Dora Trofor, 15 May 2017
There is much about the Joint Committee on Human Right’s report on Business and Human Rights to commend. Building on 27 witness accounts and 53 written submissions, the Committee lists a set of bold and progressive recommendations, which include reforming an outdated corporate liability regime that’s proven ineffective at deterring malpractice and upholding human rights standards in UK business operations.
Against the backdrop of banking scandals, the BHS collapse and findings of labour abuse in Sports Direct warehouses, the report underlines the need for a new kind of responsible business at home and abroad. Among the many topics discussed, four key issues stand out for those campaigning on corporate accountability and are summarised below:
Preventing human rights abuse by business
A crucial recommendation made by the Committee is to create a new ‘failure to prevent’ offence that would require companies to prove that they have the right procedures in place to prevent abusive practices such as child exploitation and forced labour.
The report also notes the weak reporting duties required by the Modern Slavery Act and calls on the Government to enacting legislation that would make human rights due diligence reporting compulsory for large businesses. This, according to the report, should be backed up by a monitoring mechanism and enforcement procedure and accompanied by a benchmark framework to reward good practice in this area.
Among opportunities for prevention, the report mentions that the Government should grant more powers to local authorities to close premises where workers are being exploited, and extend the Gangmasters’ Licensing Authority licensing power to sectors beyond agriculture, horticulture, shellfish gathering and associated processing and packaging. The Committee sees particular merit in licensing the construction and garment industry.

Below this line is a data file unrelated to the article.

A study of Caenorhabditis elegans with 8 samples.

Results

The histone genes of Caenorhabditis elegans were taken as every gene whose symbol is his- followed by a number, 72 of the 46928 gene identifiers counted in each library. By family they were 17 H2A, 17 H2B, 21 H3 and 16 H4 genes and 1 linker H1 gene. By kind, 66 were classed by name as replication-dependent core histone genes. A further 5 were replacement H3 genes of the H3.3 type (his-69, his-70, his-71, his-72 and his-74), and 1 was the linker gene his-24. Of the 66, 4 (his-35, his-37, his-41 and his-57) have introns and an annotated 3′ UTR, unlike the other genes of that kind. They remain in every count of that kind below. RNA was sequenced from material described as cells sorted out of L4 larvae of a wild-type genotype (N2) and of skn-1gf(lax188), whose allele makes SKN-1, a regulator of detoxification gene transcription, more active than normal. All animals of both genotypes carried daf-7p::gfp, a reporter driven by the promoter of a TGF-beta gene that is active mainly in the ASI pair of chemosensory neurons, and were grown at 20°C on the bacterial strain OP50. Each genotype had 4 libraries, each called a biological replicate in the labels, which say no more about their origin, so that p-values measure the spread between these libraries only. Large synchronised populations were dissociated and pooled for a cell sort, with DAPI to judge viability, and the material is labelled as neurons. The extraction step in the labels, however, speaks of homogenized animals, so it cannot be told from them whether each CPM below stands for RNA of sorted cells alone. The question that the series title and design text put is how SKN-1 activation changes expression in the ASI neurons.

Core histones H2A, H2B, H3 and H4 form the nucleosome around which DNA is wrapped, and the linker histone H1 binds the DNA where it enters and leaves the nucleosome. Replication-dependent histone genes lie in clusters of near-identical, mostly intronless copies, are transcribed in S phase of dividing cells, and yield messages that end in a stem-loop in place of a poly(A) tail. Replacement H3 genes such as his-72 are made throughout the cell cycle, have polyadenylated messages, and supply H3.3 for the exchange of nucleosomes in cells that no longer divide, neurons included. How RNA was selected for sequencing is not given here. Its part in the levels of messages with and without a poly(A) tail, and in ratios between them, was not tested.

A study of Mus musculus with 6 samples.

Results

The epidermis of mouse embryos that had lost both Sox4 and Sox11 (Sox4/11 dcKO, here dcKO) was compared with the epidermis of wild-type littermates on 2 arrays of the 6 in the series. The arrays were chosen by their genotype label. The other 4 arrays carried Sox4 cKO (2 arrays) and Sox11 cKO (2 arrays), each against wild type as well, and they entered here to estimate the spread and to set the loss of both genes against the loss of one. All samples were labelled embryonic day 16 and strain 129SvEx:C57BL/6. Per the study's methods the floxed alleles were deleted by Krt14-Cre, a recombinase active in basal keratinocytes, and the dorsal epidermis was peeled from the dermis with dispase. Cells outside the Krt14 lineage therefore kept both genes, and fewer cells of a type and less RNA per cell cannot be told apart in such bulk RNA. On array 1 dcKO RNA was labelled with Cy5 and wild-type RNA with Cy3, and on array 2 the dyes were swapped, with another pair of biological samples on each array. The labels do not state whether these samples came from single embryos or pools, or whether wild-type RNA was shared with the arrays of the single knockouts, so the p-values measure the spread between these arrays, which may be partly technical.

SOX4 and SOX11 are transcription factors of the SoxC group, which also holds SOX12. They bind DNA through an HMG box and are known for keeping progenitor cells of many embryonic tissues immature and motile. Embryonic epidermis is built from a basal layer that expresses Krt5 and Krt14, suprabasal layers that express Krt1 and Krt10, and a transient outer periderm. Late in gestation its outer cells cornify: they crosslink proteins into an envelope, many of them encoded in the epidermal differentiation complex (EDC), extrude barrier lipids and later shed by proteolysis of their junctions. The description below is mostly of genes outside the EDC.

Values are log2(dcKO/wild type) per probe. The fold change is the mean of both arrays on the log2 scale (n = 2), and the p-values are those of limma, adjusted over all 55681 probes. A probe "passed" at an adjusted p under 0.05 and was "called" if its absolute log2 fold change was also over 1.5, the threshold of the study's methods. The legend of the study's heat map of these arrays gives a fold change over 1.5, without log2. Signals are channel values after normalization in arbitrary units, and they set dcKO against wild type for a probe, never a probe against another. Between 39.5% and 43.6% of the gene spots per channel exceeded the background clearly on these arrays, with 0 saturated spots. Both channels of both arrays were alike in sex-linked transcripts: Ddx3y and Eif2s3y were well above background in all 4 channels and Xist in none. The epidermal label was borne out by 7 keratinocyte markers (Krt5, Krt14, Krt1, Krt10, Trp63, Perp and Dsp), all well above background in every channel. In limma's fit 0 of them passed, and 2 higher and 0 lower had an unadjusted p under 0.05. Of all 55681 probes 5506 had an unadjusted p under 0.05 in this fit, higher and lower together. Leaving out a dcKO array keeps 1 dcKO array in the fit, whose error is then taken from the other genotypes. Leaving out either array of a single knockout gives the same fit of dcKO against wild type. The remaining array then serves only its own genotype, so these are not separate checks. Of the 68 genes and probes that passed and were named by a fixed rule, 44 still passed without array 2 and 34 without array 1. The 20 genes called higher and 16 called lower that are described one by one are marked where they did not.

UK Government’s approach to human rights & business
The Joint Committee praises the UK Government for “being the first in the world to publish a National Action Plan”, but calls for a more ambitious programme that can truly prevent corporate crime, and which “sets specific targets by which to measure progress”.
Victims of business-related human rights violations are being let down by the UK National Contact Point (NCP) for the OECD Guidelines, which according to the Committee, is not “fit for purpose”. The NCP is tasked with the responsibility of resolving complaints raised against multinational companies, yet the Committee’s report questions whether the NCP can be effective given its lack of resources, external guidance and expertise. The Committee calls for the NCP to be properly funded and supported by a newly established independent steering board with the power to review NCP decisions. Moreover, the outcome of NCP decisions should be strengthened by excluding companies found responsible for human rights abuses from public sector contracts.
Access to justice
The report criticises the Government’s ‘weak’ and ‘complacent’ approach on access to remedy for victims of corporate abuse. This is largely due to limited access to legal aid, an inability to recover legal costs and high court and tribunal fees.
The Committee warns that Brexit may lead to migrant workers being even more vulnerable to abuses, and urges the Government to guarantee the security of victims of human rights abuse regardless of their nationality or immigration status. Lastly, it encourages the Government to use the opportunity of Brexit to set higher human rights standards in future trade agreements.